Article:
View profile for Miles Dearden

According to the UK Energy Research Centre (UKerc), the country’s wealthiest households should contribute an additional £410 a year towards supporting subsidies for solar energy, new wind farms and home insulation schemes.

The calls come just days after research from the University of Leeds revealed that existing UK energy policy was “disproportionately penalising” the nation’s poorest families.

Its report found that an additional tax paid by consumers which goes towards funding clean energy initiatives typically equates to around 10 per cent of poorer households’ total expenditure – while in richer households, the tax only equates to about three per cent.

Professor John Barrett, from the Sustainable Research Institute in Leeds, said that much more needed to be done to “ensure that those with the highest energy demand and the means to afford it, pay for the solutions” to the UK’s energy problems.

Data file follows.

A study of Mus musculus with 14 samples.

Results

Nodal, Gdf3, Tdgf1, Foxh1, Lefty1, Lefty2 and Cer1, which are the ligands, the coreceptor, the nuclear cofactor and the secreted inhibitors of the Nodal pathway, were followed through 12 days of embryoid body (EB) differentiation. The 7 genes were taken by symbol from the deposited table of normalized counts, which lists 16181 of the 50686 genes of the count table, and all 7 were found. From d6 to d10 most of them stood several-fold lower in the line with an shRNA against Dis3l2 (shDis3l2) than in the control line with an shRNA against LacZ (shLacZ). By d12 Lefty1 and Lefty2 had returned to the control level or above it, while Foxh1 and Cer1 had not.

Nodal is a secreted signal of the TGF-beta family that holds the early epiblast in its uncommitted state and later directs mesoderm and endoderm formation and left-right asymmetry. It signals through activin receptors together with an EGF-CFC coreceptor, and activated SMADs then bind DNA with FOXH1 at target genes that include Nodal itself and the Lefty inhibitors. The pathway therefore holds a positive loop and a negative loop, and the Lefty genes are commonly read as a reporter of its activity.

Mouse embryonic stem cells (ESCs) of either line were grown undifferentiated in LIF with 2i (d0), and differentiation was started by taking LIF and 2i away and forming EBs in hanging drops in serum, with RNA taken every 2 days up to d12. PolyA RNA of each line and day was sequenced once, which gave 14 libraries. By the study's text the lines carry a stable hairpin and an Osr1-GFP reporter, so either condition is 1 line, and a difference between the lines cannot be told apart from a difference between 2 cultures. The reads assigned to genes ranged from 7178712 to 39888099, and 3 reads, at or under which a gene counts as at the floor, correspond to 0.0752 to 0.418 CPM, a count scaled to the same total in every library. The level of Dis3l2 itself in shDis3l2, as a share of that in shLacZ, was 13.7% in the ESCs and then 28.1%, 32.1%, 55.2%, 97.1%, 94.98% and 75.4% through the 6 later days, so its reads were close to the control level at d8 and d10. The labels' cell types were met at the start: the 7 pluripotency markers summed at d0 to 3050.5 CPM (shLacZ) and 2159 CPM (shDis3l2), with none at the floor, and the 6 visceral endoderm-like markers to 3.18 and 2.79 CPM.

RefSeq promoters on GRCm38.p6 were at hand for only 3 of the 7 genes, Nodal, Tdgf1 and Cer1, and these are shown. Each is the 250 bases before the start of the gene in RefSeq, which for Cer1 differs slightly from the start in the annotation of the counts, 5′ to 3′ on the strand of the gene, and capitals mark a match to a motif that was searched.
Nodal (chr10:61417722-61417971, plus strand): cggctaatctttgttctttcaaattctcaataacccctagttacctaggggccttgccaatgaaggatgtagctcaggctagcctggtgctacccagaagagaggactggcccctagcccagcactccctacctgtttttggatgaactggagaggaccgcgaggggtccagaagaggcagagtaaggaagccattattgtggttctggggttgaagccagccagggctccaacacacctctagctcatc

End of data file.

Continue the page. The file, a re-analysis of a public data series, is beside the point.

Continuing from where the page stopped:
“It is essential that climate change policies do not cause further inequality by penalising families with the lowest energy consumption and who are most at risk of fuel poverty,” he said.

Following the comments, both Mr Barrett and UKerc are calling for immediate changes to the ways in which taxes towards clean energy are paid.

The group is urging the Government to consider charging richer families more at a time when subsidies for low-carbon power are expected to rise significantly in the coming years, as the UK invests more time and money in tackling the problem of climate change.

In 2016/17, subsidies for low-carbon power cost taxpayers £5.2 billion – a figure which is expected to rise to £8.6 billion by 2024/25.